Have you ever played the “what if I won the lottery” game? You know the one…if I won a million (or more) dollars, what would I do with it? Most people have played either out loud or in the confines of their own head. R and I play probably a couple of times a year. I’m not exactly sure why, since neither one of us has purchased a lottery ticket in our lives, but its fun to think "what if" anyway. The thing is, when you play out loud, your use of the cash is usually far more altruistic in comparison to the in-your-head version:
Out loud: “If I won the lottery I’d pay off the mortgage, buy my parents a house, invest some, and give the rest away to charity."
In-the-head: “If I won the lottery I’d stop by Future Shop the day I picked up the cheque and buy a widescreen high def TV, a surround sound home theatre system, a new computer, an iPod (the real kind, not the wussy 4gig mini version). Then I’d stop by a car dealership and buy a second vehicle. After that I’d…”
You get the picture. When I think of the in-the-head version of the game I recognize the depth of my endless consumerism. Even if I won a million bucks (or two or ten) and could buy everything on my want list, there would still be more stuff to buy…there really is no end to it. Of course, this is the basis for our entire economic system. You are producer, I am consumer. You make cool things that I “need” and I give you the money you need. It’s a great little system until something happens to blow it all away. This leads to the real reason I’m having this conversation – Haiti.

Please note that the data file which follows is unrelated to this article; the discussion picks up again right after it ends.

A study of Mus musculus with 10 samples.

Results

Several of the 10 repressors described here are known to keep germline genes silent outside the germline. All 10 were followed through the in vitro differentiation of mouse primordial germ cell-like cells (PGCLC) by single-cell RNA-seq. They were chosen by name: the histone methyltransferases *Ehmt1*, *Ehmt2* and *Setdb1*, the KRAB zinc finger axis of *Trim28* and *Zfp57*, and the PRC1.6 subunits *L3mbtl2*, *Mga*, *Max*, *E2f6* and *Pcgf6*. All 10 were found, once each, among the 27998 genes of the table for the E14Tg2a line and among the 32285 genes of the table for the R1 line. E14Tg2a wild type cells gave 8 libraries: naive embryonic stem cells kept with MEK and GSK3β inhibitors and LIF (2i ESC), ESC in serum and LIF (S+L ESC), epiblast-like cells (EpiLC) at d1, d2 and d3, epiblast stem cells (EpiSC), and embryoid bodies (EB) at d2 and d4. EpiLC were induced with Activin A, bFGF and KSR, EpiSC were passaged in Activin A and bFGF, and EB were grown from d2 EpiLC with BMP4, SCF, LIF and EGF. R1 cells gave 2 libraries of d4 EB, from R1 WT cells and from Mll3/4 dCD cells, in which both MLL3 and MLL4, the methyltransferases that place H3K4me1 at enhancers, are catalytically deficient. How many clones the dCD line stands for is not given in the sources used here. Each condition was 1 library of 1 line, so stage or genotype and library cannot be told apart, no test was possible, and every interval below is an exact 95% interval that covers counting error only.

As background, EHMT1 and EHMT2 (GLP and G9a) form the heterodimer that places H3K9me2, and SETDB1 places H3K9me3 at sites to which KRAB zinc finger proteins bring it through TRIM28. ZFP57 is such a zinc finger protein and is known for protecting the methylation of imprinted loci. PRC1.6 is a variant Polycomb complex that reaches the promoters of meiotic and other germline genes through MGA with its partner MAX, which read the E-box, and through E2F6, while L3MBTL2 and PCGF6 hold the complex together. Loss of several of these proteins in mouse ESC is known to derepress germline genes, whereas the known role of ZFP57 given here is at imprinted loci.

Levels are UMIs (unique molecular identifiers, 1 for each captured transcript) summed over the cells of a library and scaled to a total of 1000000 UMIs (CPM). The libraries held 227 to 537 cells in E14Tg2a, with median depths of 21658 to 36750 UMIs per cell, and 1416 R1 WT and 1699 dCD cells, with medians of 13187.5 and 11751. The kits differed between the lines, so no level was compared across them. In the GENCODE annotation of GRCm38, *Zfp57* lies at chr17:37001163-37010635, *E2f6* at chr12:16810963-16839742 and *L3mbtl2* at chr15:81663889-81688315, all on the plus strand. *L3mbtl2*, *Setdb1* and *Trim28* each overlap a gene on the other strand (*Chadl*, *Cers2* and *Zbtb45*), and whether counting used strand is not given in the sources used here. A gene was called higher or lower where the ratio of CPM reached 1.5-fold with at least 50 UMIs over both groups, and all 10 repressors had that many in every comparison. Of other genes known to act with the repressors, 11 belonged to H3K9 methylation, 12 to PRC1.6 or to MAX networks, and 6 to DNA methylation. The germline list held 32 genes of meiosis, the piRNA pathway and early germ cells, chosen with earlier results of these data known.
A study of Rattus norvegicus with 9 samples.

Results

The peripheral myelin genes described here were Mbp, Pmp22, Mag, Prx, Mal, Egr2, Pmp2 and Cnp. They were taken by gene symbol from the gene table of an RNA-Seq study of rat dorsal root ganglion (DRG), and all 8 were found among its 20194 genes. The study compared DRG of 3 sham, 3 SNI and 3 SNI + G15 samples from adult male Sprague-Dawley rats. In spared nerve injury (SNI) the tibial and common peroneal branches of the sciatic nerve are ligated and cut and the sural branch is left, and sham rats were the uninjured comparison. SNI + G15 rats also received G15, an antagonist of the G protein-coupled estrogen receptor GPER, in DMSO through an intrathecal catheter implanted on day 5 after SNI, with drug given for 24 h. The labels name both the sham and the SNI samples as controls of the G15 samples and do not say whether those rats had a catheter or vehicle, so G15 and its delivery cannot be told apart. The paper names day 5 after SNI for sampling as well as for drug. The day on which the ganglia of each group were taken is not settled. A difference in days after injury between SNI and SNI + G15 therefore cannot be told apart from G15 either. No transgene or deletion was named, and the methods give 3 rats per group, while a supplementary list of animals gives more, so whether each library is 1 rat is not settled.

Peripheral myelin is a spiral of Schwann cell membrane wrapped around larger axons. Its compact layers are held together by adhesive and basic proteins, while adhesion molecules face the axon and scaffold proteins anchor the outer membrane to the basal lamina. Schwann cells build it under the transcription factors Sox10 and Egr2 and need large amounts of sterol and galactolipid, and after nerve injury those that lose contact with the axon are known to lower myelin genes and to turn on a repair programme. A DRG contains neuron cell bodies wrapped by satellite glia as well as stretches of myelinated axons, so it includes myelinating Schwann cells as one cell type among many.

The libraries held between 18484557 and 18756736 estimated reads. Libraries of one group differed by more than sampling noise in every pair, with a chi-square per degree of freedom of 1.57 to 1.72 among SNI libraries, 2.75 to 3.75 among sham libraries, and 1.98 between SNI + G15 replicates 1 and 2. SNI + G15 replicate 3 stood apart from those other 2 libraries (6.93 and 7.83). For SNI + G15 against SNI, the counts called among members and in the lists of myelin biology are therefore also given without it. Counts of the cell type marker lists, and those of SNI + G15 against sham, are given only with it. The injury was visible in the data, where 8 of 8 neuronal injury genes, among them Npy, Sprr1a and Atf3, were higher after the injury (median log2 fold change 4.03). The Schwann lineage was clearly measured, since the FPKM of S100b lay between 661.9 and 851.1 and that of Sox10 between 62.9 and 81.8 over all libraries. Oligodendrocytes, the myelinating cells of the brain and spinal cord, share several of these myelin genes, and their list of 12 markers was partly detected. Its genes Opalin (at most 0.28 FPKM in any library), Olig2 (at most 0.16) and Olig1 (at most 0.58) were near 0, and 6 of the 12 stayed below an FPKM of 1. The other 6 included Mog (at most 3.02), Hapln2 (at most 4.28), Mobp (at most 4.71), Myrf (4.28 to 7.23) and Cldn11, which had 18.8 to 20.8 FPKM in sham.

Even through Florida has been hammered by hurricanes over the past six weeks, for the most part, there is still a sense of hope; a feeling of “we’ve lost almost everything but we’re safe and we can get through this.” While I commend the folks in Florida, the residents of Haiti have no government infrastructure to assist them, no benevolent businesses to truck in fresh water and food, no family in other parts of the country to take them in for a few weeks until the insurance company figures everything out. These people have literally nothing. No food, no water, no home, no hope.
Watching the absolute despair in Haiti since Tropical Storm Jeanne passed through has really caused me to consider my own wealth (middle-class by North American status, but ridiculously wealthy in comparison to the rest of the world - check out the Global Rich List to find out where you rank in the world), what I could do if I had the funds to do it, and would I do something if I did have the funds?
I’d like to think, with apologies to the Barenaked Ladies, that if I had a million dollars I wouldn’t buy you a house, or a K-car, or even a green dress. No, I would hope if I had a million dollars I would buy myself the first plane ticket to Haiti and try to do something, anything, to relieve some of the suffering; to bring some help and some hope.
For possibly the first time in my life I think I have come to understand in a tangible way that wealth is not a bad thing in and of itself. Great wealth can bring great good. Even the Bill Gates’ and Charles Bronfman’s among us have no reason to be ashamed of their great wealth in and of itself; it is after all, the love of money that is the root of all evil. That being said, those of us who are wealthy, be it by world standards or by North American standards, have a responsibility to care for those who can’t care for themselves. I’d love to be able to fly down to Haiti and help people one by one, but I can’t because I’m not North American wealthy. What I can do is dig into my own funds, the cash I’ve been setting aside to buy a new computer or whatever, and spend it on someone somewhere who really needs it. Care for the poor and the widows Jesus said. Sounds easy, until I realize that caring for the poor means the shiny new iMac I’ve been eyeing will have to wait. And when it comes to me and my stuff, I don’t like waiting.